Charlie was Mama’s husband—my dear ol’ stepfather—and he’d been in our lives as long as I could remember. I’d never known snakes could be people until I’d grown up to find out the type of person Charlie was. He was the dark spot in Eres, a toxic infection that spread throughout town. He was the biggest drug dealer and the main cause of the meth habit that had taken over.

Charlie Riley was trouble—and he was too damn good at his job to ever get caught.

There were many reasons to loathe that man, but my main reason was based on the person he’d turned my mother into.

Mama always said she loved Charlie, but she didn’t like him that much. At least not when he was drunk, and if there was anything Charlie was good at, it was being drunk. Sometimes, Charlie would get so drunk and so loud he’d throw things and hit Mama until she started crying and apologizing for things she’d never even done.

Once I’d asked her why she wouldn’t leave him, and she’d told me, “Everything we have is because of that man. This house, the clothes on your back, the food you eat. Don’t you see, Hazel? Without him, we are nothing.”

I didn’t understand that. I didn’t get why someone was allowed to hurt you just because they gave you things. Maybe she was right about Charlie giving us stuff, but if we had nothing, that would’ve meant she’d have no black eyes either.

She’d told me to drop the conversation and not bring it up again, because she loved Charlie and she’d never leave him.

It’d been three years since we’d had that conversation. I was now eighteen years old, and it seemed like day in and day out, Mama was beginning to side with Charlie over me. I knew it wasn’t her true thoughts, though. Charlie had poisoned her body and mind to the point that Mama hadn’t a clue which way was up. She was a slave to his control and his drug supply. When I looked into Mama’s eyes nowadays, I hardly saw my real mother looking back at me anymore.

I would’ve moved on completely if it weren’t for the fact that Mama was four months pregnant. I felt somewhat responsible for my soon-to-be sibling. Lord knew Charlie wasn’t looking after Mama’s care.

I needed the job at Eres Ranch in order to save up money for my sister or brother. I needed money to buy prenatal vitamins for Mama. Money to make sure her fridge was full. Money to make sure that somehow the baby could come into the world with a little bit more than I had.

Then, with the rest of the money, I’d buy a one-way ticket and leave Eres and never look back. Somehow, I’d convince Mama to come with me, too, with the new baby. The last thing she needed to do was raise a child with Charlie around.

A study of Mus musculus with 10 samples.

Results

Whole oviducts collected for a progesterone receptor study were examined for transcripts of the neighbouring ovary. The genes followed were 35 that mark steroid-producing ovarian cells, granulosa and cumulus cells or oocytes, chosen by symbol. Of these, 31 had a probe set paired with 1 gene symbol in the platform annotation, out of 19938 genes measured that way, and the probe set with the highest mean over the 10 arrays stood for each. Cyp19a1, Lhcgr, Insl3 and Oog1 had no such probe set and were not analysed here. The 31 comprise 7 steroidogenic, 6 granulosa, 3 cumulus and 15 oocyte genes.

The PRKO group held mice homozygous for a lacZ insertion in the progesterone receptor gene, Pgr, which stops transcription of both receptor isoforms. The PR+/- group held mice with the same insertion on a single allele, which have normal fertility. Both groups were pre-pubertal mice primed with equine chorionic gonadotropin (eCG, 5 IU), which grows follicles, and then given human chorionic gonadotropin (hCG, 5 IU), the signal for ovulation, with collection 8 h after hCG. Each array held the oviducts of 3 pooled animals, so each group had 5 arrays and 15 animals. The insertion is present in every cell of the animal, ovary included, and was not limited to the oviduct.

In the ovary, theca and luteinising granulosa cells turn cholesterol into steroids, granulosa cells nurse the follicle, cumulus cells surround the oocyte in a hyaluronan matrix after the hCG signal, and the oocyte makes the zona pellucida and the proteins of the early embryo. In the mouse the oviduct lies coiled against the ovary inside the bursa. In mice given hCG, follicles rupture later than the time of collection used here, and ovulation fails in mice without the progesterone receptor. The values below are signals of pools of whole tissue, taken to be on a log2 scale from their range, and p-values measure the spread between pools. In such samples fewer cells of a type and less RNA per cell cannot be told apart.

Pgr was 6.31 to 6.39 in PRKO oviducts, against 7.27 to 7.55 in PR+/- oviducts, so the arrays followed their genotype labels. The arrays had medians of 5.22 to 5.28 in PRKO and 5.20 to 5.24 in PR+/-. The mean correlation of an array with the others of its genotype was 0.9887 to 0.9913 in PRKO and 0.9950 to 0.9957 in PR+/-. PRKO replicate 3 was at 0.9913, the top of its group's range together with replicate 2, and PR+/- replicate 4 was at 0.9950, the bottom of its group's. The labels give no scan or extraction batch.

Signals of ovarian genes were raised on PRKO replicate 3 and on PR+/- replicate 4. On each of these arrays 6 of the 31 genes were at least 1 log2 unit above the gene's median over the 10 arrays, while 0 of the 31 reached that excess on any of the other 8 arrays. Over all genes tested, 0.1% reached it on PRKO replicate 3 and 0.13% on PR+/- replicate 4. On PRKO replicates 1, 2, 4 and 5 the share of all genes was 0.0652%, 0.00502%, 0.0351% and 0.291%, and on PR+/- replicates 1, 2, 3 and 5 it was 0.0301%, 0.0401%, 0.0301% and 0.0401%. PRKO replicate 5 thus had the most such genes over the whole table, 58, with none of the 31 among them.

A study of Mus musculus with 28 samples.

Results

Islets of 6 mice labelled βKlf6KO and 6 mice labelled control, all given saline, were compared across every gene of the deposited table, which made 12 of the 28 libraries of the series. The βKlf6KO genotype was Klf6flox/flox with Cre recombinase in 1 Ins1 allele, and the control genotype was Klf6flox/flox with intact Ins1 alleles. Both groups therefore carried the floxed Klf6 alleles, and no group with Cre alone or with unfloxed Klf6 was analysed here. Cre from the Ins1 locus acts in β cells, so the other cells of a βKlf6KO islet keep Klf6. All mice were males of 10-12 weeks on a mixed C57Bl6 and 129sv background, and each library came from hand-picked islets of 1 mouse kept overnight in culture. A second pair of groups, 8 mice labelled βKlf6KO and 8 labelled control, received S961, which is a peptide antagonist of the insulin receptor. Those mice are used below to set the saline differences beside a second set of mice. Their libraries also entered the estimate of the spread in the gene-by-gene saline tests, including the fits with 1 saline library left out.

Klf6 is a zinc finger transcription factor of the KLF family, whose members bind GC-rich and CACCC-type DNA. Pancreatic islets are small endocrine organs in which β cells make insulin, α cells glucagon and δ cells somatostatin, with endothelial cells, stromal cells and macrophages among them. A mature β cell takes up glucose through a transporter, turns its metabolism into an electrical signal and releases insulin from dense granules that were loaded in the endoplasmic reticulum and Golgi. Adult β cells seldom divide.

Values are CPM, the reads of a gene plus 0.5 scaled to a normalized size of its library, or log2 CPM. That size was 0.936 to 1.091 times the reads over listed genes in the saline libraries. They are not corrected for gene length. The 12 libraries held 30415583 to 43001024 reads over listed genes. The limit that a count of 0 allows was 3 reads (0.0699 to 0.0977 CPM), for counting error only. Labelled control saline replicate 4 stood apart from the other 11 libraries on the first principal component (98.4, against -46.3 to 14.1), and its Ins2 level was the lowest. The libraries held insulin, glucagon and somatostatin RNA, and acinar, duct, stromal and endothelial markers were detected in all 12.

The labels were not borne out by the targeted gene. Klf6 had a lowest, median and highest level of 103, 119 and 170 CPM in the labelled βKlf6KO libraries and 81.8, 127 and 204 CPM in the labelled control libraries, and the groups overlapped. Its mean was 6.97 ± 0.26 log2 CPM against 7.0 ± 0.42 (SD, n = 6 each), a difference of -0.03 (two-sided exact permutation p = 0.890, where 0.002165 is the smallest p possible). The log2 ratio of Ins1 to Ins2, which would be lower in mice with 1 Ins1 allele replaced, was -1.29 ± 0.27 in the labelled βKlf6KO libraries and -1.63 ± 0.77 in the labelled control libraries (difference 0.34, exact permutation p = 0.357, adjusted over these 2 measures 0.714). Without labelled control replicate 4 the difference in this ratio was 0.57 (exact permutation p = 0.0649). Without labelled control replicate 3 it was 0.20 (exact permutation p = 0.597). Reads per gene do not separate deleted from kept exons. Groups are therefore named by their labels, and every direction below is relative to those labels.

Mama was right—we did have a roof over our heads because of Charlie. But just because someone gave you four walls to stay in didn’t mean they weren’t a prison. I couldn’t wait for the day that I collected enough money to get myself my own four walls. Those four walls would be filled with love, not threats. With happiness, not fear.

And the name Charlie Riley would be a distant memory.

Big Paw rubbed the back of his neck. “We were looking for ranch hands, not some girl who’s probably too afraid to get her hands dirty.”

“I’m not afraid of that at all. I’ll get down and dirty with the rest.”

“You have to be able to lift over sixty pounds.”

“I’ll lift seventy.”

He cocked an eyebrow and leaned forward. “You have to be here before the sun rises, and if you don’t finish the task, you stay after dusk, and there ain’t no overtime. You get paid by the daily tasks being completed, not by the hours you spend here. If you get done early, you can leave early. If you get done late, you’re stuck here late. Also, I don’t believe in three strikes. I believe in one. Mess up, and you’re gone. You understand, girl?”

If anyone else called me “girl,” I’d slam my fist straight into their nose to show them just how much of a girl I was, but hearing it come from Big Paw wasn’t an insult. He called it as he saw it in a straightforward way. He’d call any man younger than him “boy,” too, because he could. I was sure people who identified differently would be offended by the title Big Paw would give them, but he was too old to bother correcting himself.

Old dog, new tricks and all.

“I understand.” I nodded. “I’ll be the hardest worker out there, I promise.”

He grumbled some more and rubbed his beard. “Fine, but don’t come complaining to me when you ruin your favorite pair of shoes in the pigpens. You report to the stables tomorrow at noon sharp for training with my grandson, Ian. He’ll be in charge of getting you up and running.”

I sat up a bit straighter as my stomach tightened. “Wait, Ian is training me?” I frowned. “Are you sure Marcus or James or someone can’t take me on?”

“No. Those boys are already training a few other ranch hands.” He raised his brow once more. “You aren’t already making yourself difficult, are you?”

I shook my head. “No, sir—er—Big Paw. Sorry. That is fine. Noon tomorrow. I’ll be there.”

The idea of being trained by Ian Parker made me want to gag. He was known as the playboy rock star of Eres. Ian had graduated three years before me, and I’d been the lucky girl with my locker right beside his during my freshman year. Which meant I’d had a front-and-center viewing of him swapping spit with whatever small-town groupie was wrapped around his pinkie at the time.